Tulalip educates community on habitat restoration and treaty rights

Special guest, Scoopy Doo, showed up to encourage Earth Day attendees to be conscientious and clean up after their pooches. Dog waste is bad for plant, animal, and fish habitat. Photo/Francesca Hillery

Special guest, Scoopy Doo, showed up to encourage Earth Day attendees to be conscientious and clean up after their pooches. Dog waste is bad for plant, animal, and fish habitat. Photo/Francesca Hillery

By Francesca Hillery, Tulalip Tribes Public Affairs

Two exciting events took place on Saturday, April 12, 2014, to honor Earth Day where tribal staff had an opportunity to help educate the surrounding public about Tulalip’s habitat restoration projects and treaty rights.

The Allen Creek Quilceda Watershed Team (AQWA) hosted their annual Earth Day event at Wilcox Farms in Marysville this year. Several organizations including the Tulalip Tribes, Adopt-a-Stream, Snohomish County Conservation District, Earth Corps, Sound Salmon Solutions, Washington State Department of Ecology, City of Marysville Surface Water Management, and NOAA hosted educational booths to raise awareness of environmental issues affecting the region as well as providing tips and solutions for common problems.

Tulalip hosted a booth on the Qwuloolt Estuary that included information on the history and future of the tribe’s biggest salmon habitat restoration project. Visitors also got to take away a purple t-shirt that displays the Qwuloolt logo.

Tulalip Tribal member Valerie Williams took a break from talking to visitors about the Qwuloolt Estuary and posed with special guest, Scoopy Doo.    City of Marysville Surface Water booth sponsored the Scoop the Poop campaign. Photo/Francesca Hillery

Tulalip Tribal member Valerie Williams took a break from talking to visitors about the Qwuloolt Estuary and posed with special guest, Scoopy Doo. City of Marysville Surface Water booth sponsored the Scoop the Poop campaign. Photo/Francesca Hillery

Earth Day is hosted at different locations every year so that participants can learn about the various ecosystems around Marysville as well as help plant native plants and trees.  Wilcox Farm was donated to the current owner, Bethlehem Lutheran Church, who according to spokesman Jon Natterstad plan to, restore the area of the property that Allen Creek runs through, in order to create “healthy communities for both animals and people .“

An important element to restoration work is planting the plants and trees that are native to the Snohomish watershed.  Visitors enjoyed learning about the trees they were planting. This included Western Red Cedar, Sitka Spruce, and Douglas and Grand Firs, which, along with Alder make up Conifer forests.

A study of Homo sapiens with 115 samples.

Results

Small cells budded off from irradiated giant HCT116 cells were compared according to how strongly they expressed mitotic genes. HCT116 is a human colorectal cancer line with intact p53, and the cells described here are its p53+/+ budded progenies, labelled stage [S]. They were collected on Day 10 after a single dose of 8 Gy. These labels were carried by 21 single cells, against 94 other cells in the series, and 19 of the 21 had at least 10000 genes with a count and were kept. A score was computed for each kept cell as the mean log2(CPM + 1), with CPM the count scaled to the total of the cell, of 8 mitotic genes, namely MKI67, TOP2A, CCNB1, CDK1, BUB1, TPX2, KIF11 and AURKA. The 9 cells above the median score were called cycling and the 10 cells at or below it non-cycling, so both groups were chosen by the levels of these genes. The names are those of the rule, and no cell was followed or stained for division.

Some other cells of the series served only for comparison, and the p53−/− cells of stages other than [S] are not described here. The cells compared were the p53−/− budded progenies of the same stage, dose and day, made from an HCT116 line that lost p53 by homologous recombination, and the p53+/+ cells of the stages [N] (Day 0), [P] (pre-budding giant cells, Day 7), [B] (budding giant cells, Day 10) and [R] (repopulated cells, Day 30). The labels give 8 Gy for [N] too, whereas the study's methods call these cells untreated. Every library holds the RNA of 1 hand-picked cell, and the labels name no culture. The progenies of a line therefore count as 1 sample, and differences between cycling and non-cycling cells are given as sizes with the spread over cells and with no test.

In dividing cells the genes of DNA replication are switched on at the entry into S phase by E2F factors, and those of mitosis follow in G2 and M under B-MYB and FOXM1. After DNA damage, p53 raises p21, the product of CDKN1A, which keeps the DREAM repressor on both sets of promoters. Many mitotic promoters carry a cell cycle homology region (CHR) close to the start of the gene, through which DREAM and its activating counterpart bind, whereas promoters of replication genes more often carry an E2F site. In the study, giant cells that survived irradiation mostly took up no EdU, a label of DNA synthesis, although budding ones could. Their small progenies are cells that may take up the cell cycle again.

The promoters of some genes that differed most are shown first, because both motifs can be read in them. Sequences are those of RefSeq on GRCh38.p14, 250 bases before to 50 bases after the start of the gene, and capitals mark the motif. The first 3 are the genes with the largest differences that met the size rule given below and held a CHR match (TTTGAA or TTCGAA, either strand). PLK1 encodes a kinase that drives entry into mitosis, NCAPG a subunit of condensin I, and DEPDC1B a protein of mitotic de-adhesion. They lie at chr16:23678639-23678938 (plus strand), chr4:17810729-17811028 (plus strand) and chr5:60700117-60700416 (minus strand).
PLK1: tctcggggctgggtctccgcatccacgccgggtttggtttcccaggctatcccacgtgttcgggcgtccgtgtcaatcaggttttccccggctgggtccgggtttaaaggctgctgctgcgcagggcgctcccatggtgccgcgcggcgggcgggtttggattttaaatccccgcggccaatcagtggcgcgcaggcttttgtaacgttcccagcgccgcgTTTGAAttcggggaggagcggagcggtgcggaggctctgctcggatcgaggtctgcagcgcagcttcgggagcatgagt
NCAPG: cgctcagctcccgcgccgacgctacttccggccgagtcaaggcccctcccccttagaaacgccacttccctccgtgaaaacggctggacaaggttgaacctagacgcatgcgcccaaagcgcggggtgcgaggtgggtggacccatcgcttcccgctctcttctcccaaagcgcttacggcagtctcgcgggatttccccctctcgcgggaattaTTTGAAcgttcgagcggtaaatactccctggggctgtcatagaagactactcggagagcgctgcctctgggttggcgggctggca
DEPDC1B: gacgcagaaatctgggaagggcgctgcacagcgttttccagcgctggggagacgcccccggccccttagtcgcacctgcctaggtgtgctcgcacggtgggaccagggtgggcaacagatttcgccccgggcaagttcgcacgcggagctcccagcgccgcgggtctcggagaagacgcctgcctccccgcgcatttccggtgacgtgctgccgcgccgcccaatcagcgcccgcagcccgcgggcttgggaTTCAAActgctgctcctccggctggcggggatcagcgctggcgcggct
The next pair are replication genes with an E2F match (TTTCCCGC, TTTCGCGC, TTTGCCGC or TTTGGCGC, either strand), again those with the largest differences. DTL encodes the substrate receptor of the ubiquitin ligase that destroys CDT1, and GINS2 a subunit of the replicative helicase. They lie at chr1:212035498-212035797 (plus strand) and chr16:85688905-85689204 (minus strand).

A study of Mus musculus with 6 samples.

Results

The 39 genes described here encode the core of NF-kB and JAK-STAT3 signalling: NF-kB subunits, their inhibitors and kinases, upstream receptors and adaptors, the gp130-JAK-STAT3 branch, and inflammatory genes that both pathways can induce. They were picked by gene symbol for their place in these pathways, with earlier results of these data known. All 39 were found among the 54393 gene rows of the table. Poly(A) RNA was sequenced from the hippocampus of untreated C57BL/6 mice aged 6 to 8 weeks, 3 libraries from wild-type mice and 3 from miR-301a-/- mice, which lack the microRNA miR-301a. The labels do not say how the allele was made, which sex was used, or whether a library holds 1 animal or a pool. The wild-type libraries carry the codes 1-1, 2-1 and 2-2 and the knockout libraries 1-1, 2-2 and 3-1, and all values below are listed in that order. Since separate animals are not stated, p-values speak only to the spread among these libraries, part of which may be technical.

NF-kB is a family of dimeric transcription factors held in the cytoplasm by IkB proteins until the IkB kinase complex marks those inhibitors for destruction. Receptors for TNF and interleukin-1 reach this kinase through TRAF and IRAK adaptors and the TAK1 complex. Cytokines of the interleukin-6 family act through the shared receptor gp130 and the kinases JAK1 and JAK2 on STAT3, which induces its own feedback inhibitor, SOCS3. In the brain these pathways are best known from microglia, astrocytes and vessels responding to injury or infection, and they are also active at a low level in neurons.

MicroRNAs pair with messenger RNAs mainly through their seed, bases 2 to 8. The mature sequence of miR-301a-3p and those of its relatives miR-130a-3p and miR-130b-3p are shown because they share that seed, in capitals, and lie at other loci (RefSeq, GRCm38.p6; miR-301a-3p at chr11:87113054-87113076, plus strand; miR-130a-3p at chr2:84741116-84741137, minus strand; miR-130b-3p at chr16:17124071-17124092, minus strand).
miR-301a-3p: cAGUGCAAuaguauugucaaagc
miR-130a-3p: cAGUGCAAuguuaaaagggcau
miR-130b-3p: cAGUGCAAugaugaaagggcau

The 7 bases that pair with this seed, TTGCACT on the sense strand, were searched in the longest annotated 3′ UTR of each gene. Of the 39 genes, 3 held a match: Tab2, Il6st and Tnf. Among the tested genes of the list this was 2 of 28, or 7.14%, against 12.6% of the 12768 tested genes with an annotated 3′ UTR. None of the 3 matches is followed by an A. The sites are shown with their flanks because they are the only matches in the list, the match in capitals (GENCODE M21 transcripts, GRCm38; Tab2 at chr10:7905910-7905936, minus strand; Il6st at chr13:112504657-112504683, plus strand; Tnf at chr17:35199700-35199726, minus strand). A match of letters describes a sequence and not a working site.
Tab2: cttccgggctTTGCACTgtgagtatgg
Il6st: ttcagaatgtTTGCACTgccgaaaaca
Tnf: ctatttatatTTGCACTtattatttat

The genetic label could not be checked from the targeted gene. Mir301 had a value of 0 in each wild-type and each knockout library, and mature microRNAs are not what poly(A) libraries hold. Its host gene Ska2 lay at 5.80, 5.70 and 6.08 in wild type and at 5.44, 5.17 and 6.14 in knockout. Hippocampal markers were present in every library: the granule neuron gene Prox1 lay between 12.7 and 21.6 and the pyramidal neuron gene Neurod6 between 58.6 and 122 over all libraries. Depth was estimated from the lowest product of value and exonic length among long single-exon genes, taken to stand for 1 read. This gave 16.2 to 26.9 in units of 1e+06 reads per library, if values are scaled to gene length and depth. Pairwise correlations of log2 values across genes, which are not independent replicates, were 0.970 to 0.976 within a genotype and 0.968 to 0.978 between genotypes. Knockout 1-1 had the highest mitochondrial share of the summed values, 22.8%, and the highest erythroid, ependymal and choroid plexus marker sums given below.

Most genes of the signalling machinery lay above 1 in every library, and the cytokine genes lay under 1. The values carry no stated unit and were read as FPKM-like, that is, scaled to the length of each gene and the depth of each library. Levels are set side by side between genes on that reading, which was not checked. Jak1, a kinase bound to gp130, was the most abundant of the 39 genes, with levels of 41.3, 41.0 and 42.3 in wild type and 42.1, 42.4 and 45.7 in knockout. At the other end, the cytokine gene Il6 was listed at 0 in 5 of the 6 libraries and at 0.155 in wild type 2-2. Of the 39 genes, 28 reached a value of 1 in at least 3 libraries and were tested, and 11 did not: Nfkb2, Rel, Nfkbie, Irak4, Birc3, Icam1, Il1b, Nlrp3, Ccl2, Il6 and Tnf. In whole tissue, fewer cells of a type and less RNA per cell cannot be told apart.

One of the more poignant messages that came through this year was the importance of picking up after your dog.  If dog waste is left in the environment it compromises fresh water sources and salmon habitat. Dogs are our best friends but they need us to help make sure they are good citizens, said one eight year old Earth Day visitor, after meeting Scoopy Doo, who made a surprise appearance, thanks to Sound Salmon Solutions.

The second event of note was hosted by the Tulalip Treaty Rights Office at the Hibulb Cultural Center for a group of 29 student advocates who are part of the Citizen’s Action Training School (CATS) for people engaged in Puget Sound issues. After completing fifty hours of training, where they become familiar with environmental challenges and various recovery projects, the student advocates will then volunteer at a variety of agencies and organizations that are working to restore environmental integrity to priority issues like shellfish, habitat, and stormwater runoff.

The had already completed courses on Climate Change, Nearshore Ecology, Salmon and the Endangered Species Act, Forestry, Shellfish, Marine Mammals, and Water Quality before their trip to Tulalip.  “This made for an interested and engaged group,” said Tulalip environmental liaison Daryl Williams. Williams and environmental policy analyst Morgan Ruff gave presentations on the history Treaty Rights as well as current environmental projects the Tulalip Tribes coordinating.

Qwuloolt EstuaryPhoto/Francesca Hillery

Qwuloolt Estuary
Photo/Francesca Hillery

Following the presentation the student advocates were given a tour of the exhibits at Hibulb and were very happy to learn about the culture and history of the Tulalip Tribes.   The group then traveled over to the Qwuloolt Estuary site where they had the opportunity to see one of Tulalip’s biggest salmon habitat projects first hand.